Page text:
September 21, 2021

European Union Planning Tough Sanctions on Iran

Officials hope to announce a final plan at a meeting of foreign ministers in Brussels on Monday.

But senior French officials are concerned that these measures, even in combination with sanctions on financial transactions with Iran announced by Washington, will not be strong enough to push the Iranian government into serious, substantive negotiations on its nuclear program, which the West says is aimed at producing weapons.

French officials say that the effort to increase pressure on Tehran is a crucial element in a “dual track” strategy — inflicting pain through sanctions in order to prompt substantive negotiations to halt Iran’s enrichment of uranium, as the United Nations Security Council has demanded. But even accelerated sanctions are hard to put into effect and slow to work, while Iran is changing the game by moving more of its enrichment centrifuges into deep tunnels inside mountains, where they will be much harder to attack militarily.

France is eager to avoid military action against Iran. French officials do not doubt that Israel will do all it can to prevent Iran from developing nuclear weapons, but they consider that an Israeli attack on Tehran would be counterproductive, only delaying the Iranian program and strengthening a weakened Islamic leadership.

“We must do everything possible to avoid an Israeli attack on Iran,” said a senior French official, “even if it means a rise in the price of oil and gasoline.” If the sanctions on Iran “are massive, they can have a big impact, with high unemployment and a fall in the rial,” Iran’s currency. In fact, the rial has hit historic lows against the dollar this week.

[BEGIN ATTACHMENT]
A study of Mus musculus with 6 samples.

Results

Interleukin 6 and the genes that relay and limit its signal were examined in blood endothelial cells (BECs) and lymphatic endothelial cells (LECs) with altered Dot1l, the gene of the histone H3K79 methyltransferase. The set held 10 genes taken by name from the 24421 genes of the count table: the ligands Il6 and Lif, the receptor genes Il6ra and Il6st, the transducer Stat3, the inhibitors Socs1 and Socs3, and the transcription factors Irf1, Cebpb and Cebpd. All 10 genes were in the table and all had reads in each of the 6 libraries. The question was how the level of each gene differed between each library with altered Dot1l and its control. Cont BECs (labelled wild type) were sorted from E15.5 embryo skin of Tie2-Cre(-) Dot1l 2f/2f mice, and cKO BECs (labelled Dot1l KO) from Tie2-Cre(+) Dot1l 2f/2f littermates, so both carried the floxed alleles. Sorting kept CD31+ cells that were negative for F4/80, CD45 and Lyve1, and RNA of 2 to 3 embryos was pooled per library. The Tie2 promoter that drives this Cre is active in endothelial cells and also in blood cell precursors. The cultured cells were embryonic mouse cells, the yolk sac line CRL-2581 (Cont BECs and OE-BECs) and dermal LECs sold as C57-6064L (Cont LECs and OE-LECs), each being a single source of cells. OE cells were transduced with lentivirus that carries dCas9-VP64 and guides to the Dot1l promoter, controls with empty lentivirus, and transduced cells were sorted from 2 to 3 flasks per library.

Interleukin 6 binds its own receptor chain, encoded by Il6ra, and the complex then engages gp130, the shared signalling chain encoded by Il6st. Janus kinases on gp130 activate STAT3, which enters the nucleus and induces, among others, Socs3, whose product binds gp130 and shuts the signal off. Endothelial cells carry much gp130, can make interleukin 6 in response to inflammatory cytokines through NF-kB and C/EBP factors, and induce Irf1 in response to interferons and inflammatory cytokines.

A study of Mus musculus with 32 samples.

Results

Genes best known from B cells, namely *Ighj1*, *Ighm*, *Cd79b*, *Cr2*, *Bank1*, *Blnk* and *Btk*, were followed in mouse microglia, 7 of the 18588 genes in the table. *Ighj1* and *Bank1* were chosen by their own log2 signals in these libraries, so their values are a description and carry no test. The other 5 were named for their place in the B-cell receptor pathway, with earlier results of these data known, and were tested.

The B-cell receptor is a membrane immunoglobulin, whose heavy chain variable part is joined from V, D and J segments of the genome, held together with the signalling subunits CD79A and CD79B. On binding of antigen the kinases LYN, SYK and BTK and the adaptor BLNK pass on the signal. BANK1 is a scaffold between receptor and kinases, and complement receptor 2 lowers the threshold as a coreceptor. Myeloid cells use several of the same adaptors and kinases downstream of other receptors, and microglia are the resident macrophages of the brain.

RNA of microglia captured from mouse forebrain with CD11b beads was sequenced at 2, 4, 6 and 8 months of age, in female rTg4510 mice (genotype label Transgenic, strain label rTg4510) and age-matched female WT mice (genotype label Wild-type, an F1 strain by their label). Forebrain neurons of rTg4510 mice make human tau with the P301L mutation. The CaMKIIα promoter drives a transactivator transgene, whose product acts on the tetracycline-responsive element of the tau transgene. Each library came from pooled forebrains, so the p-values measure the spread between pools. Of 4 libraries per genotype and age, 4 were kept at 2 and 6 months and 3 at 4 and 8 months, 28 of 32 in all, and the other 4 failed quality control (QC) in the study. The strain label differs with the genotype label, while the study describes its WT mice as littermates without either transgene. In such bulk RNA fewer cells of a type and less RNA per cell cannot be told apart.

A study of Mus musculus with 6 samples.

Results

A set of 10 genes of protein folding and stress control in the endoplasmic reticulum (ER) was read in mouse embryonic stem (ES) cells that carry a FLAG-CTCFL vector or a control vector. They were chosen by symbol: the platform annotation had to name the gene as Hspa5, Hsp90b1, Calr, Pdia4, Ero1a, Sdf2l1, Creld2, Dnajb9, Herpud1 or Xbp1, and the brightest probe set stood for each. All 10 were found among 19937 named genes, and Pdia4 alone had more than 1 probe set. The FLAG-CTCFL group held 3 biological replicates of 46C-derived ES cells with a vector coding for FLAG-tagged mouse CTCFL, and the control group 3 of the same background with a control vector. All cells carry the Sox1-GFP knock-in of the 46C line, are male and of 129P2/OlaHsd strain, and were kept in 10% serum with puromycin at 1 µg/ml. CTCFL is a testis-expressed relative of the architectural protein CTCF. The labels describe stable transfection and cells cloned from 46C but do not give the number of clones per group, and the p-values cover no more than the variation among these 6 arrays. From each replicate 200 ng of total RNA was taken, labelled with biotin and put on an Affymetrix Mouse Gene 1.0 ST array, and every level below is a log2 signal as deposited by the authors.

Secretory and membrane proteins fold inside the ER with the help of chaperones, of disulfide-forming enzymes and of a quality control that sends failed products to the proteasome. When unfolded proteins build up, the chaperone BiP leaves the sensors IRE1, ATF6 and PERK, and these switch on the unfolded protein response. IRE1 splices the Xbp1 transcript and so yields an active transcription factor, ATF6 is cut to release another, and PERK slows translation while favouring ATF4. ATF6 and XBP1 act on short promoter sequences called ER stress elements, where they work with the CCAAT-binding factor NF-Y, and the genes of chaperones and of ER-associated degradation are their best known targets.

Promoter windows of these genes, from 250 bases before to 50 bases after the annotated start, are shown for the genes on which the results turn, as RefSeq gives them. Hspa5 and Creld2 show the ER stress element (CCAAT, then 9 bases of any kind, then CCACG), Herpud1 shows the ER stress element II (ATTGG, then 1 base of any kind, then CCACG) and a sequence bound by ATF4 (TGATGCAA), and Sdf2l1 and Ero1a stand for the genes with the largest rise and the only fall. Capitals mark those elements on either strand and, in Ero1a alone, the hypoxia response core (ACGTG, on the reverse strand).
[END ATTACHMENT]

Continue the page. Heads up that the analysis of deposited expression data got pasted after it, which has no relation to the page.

But with Iran moving its centrifuges deep underground, the official said, “this changes the landscape.”

“This time it really is a race. It’s why we are pushing so hard. We want to act fast.” Still, the official said, France recognizes that the possibility of military action represents another form of pressure on Iran to negotiate.

In his annual speech on French diplomacy on Friday, President Nicolas Sarkozy accused Iran of lying, and he denounced what he called its “senseless race for a nuclear bomb.” He called for “much stronger, much more decisive” sanctions, saying that “time is running out” and “everything must be done to avoid” international military intervention.

Iran says that it is enriching uranium solely for peaceful uses and denies a military intent. But few in the West believe Tehran, which has not cooperated fully with inspectors of the International Atomic Energy Agency and has been pursuing some technologies that have only a military use.

As existing sanctions bite, Tehran is talking both tough and soft, promising to shut the Strait of Hormuz in the case of an oil embargo and at the same time saying that it is ready to resume negotiations with the six-nation group, led by the European Union, which includes the five permanent members of the Security Council — the United States, France, Britain, Russia and China — plus Germany.

Russia and Turkey are already heralding Tehran’s willingness to return to the table. On Thursday, alongside the Iranian foreign minister in Istanbul, Turkey’s foreign minister, Ahmet Davutoglu, said that Iran was ready for talks. “The sides have confirmed their willingness,” he said. “Today is the day for negotiations and a solution.”

But French officials say that Tehran has not responded to an October letter from the European Union’s foreign policy chief, Catherine Ashton, offering a resumption of talks, so long as there are no preconditions and Iran is willing to discuss the main issue, which is its nuclear enrichment program.

During the last talks a year ago, Iran refused to discuss its nuclear program and said that before any negotiations, the Security Council must first lift all sanctions already in place and recognize Iran’s “right” to enrich uranium under the Nuclear Nonproliferation Treaty. Iran also said it was no longer interested in swapping a large part of its enriched uranium in return for fuel rods for a research medical reactor in Tehran.

Stephen Castle contributed reporting from Brussels, and Steven Lee Myers from Washington.